It started in November with a single string of Christmas lights on a Baltimore County street. Kim Morton was home watching a movie with her daughter when she received a text from her neighbor who lives directly across the road. He told her to peek outside.

Matt Riggs had hung a string of white Christmas lights, stretching from his home to hers. He also left a tin of homemade cookies on her doorstep. The lights, he told her, were meant to reinforce that they were always connected.

Riggs said, “I was reaching out to Kim to literally brighten her world.” He knew his neighbor was facing a dark time. Morton had shared that she was dealing with depression and anxiety. She was also grieving the loss of a loved one and struggling with work-related stress. The mounting pressure led to panic attacks.

A bit of brightness was in order, he decided, but he certainly did not expect that his one strand of Christmas lights would somehow spark a neighborhood-wide movement. In the days that followed Riggs’ light-hanging gesture, neighbor after neighbor followed suit, stretching lines of Christmas lights from one side of the street to the other.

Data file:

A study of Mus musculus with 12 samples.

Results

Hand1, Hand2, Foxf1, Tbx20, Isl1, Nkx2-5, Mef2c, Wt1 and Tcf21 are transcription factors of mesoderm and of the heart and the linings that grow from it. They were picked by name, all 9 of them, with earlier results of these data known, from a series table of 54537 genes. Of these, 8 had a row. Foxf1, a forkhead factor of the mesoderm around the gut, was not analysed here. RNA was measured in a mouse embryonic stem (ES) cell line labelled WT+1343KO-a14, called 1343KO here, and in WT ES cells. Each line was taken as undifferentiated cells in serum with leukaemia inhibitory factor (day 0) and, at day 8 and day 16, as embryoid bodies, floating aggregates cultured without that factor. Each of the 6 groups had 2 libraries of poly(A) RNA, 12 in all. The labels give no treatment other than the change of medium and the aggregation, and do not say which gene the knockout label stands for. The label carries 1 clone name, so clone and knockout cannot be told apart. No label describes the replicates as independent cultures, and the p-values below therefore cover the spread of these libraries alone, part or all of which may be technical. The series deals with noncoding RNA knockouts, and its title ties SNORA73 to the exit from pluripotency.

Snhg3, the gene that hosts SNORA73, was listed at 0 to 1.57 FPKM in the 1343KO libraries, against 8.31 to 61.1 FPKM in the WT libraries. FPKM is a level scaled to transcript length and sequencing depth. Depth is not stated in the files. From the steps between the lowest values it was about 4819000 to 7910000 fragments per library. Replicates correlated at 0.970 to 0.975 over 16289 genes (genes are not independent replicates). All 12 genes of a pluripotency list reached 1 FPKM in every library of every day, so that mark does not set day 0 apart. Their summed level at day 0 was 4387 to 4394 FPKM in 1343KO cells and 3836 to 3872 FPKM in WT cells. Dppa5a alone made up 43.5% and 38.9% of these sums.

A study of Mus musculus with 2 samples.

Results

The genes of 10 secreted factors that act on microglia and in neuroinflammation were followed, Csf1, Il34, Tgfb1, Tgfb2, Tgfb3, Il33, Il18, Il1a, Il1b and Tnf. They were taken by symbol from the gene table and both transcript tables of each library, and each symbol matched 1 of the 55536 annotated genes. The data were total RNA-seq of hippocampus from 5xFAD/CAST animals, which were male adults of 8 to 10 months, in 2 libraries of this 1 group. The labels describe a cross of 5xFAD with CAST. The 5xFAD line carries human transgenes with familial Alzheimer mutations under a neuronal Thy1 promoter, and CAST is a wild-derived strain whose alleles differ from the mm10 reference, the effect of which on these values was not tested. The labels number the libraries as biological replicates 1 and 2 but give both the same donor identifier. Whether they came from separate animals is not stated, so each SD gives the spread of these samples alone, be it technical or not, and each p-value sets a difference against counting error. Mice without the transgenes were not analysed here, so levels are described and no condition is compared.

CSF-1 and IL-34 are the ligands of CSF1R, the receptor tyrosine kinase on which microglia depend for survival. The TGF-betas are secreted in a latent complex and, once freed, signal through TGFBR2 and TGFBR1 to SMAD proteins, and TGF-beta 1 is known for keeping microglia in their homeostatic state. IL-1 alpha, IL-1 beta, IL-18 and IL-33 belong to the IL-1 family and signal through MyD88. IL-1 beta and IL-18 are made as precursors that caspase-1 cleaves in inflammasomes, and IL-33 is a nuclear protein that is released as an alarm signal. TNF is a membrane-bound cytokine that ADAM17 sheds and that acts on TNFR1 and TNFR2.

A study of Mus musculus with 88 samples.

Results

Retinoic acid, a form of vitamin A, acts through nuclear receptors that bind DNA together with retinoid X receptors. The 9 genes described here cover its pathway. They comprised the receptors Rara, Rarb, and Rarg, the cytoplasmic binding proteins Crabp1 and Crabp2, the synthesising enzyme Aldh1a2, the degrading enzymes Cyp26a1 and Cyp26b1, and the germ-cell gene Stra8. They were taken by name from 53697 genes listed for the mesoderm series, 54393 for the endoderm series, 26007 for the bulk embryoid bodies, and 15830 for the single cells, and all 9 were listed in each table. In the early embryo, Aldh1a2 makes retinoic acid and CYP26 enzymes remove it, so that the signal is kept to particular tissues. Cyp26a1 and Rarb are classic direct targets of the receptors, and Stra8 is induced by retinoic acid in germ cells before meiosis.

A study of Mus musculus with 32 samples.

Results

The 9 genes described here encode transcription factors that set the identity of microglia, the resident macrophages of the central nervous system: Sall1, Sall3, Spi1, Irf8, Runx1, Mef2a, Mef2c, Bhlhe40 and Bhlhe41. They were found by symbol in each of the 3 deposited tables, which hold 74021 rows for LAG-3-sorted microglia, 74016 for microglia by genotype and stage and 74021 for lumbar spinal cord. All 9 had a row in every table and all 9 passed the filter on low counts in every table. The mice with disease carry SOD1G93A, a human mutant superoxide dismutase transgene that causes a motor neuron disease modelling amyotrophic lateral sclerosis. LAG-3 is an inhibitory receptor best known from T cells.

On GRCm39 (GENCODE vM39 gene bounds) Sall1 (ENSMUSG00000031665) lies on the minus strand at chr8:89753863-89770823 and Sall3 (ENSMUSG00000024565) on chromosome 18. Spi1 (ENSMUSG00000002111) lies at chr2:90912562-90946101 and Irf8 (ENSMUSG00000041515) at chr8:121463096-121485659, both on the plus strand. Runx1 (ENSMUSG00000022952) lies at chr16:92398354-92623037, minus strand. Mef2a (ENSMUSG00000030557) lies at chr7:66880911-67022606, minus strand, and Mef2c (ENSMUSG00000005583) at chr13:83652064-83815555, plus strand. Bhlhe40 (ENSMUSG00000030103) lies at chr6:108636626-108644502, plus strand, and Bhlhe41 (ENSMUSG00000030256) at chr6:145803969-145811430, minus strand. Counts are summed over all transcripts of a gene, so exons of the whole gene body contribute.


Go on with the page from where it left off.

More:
When Leabe Commisso, who lives on the other end of the block, saw what Riggs had done, she wanted in. She said, to her neighbor, “Let’s do it, too. Before we knew it, we were cleaning out Home Depot of all the lights.”

Quickly, other neighbors caught on. Kim said, “Little by little, the whole neighborhood started doing it. The lights were a physical sign of connection and love.”

She and Riggs were stunned to see neighbors with drills and ladders, up on their rooftops and tangled in trees, doing whatever they had to do to hang the lights. For the first time in a long time, a feeling of togetherness—and light—had returned.

Riggs said, “What blows my mind is that it was all organic. It just happened. There was no planning. It just grew out of everybody’s desire for beauty and joy and connection.”

But the impromptu effort has perhaps had the most profound impact on the person for whom it was originally intended. Kim said, “It made me look up, literally and figuratively, above all the things that were dragging me down. It was light pushing back the darkness.”